In a new book detailing David Beckham’s time in the MLS, U.S. forward Landon Donovan took an opportunity to do what he does best — whine about things. Donovan chastisted Beckham for his lack of commitment to the Galaxy, among other things.
Make no mistake, Beckham is now a largely overrated player. But, Landon Donovan is by far the most overrated player in U.S. team history (sorry, second-most after Freddy Adu). He is not even in the same stratosphere as Beckham in terms of ability or accomplishment. (Beckham has twice been runner up to FIFA player of the year and won the Treble in 1999. Donovan has MVP’s at the MLS All-Star game and the MLS Cup and has never scored a goal in club soccer outside of the MLS.) If Landon cared as much about improving his game as he did about crying about it, he may have actually lived up to his potential.
This is my favorite quote in the article detailing Donovan’s problems with Beckham:
Beckham pushed for a loan move to AC Milan in January, and then extended it to the point that he missed half of the 2009 MLS season. That served as evidence that he does not care for the league, according to Donovan, who gave up his chance to play in Europe early in his career in order to stay at home.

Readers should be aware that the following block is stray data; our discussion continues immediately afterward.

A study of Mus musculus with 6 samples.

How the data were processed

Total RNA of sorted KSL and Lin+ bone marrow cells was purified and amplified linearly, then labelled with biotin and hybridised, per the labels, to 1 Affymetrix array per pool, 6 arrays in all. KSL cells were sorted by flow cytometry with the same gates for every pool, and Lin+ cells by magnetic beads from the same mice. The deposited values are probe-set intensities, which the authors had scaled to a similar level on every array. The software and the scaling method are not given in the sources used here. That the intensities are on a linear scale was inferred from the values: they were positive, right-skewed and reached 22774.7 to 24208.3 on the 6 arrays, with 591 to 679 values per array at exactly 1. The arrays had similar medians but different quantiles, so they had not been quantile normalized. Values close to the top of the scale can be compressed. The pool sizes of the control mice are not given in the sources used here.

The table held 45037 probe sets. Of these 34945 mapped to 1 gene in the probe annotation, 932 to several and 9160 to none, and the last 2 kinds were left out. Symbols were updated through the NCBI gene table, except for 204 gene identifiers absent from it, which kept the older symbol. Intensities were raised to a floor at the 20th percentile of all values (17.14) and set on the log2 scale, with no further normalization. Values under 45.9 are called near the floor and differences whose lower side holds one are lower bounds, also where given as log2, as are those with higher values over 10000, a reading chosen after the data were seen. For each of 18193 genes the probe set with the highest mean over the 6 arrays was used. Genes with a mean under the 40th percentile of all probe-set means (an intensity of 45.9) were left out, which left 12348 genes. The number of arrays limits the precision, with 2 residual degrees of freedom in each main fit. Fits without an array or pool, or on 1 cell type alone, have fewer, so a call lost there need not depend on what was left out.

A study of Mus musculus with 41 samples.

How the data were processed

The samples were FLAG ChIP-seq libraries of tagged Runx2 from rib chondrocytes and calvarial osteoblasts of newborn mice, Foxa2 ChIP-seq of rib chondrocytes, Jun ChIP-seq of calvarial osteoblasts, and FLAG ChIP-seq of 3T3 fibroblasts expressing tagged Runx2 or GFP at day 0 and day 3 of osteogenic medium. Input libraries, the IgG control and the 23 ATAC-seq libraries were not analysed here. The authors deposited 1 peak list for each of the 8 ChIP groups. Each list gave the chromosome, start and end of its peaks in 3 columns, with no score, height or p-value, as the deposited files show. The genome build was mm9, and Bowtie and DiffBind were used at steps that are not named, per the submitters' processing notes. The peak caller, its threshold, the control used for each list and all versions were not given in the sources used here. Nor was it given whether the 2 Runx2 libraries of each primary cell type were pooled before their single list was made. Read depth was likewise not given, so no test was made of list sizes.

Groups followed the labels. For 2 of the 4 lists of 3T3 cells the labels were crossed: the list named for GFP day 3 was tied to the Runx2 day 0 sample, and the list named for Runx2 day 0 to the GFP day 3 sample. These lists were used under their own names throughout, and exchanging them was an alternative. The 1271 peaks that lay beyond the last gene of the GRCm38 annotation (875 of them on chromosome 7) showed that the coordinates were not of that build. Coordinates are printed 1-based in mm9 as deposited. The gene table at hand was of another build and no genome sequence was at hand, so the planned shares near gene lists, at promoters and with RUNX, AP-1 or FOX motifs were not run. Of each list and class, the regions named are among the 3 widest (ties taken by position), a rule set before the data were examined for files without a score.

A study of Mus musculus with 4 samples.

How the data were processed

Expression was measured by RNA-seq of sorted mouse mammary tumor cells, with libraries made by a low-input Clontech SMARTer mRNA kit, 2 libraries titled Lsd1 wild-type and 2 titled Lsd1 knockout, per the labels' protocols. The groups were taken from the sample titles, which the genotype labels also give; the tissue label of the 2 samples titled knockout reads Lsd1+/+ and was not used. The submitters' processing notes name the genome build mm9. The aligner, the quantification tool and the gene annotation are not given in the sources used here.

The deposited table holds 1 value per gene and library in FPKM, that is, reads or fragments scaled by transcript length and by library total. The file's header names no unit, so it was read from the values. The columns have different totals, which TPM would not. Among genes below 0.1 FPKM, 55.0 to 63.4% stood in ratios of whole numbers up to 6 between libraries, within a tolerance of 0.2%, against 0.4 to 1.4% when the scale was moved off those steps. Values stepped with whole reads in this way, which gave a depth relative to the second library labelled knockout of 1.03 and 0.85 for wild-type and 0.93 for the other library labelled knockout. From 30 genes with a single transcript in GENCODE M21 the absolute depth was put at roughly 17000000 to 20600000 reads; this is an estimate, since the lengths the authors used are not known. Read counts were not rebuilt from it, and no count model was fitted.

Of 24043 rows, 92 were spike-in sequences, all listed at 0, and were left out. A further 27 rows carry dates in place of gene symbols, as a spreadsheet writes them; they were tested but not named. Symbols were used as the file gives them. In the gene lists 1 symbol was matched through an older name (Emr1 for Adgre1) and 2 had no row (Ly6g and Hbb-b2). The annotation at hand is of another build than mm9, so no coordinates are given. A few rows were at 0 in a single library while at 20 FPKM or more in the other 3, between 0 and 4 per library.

“Donovan gave up his chance to play in Europe to stay home?” He didn’t give up shit. Fact of the matter is, he couldn’t hack it. He had a total of 7 senior club appearances (with Bayer Leverkusen) with zero goals. He cried about being homesick and not playing enough so they shipped him home to the Earthquakes. In 2005, he tried to come back but again he couldn’t hack it. Portsmouth of the Premier League offered to take him but he declined. Instead, he took the easy way out, stayed at his house in Manhattan Beach and spent the summers kicking it by college has-beens and never-weres. For those of you keeping score, that is twice Donovan agreed to play in Germany and quit in the middle of his tenure there because he was unhappy. Hmmm……sounds familiar.
Donovan was, and is, too soft for top flight professional football. If he truly cared about being the best possible player he could be, he would’ve been in Europe for the last ten years.
Given this and his track record for quitting in Germany, I take his criticisms about commitment with a grain of salt.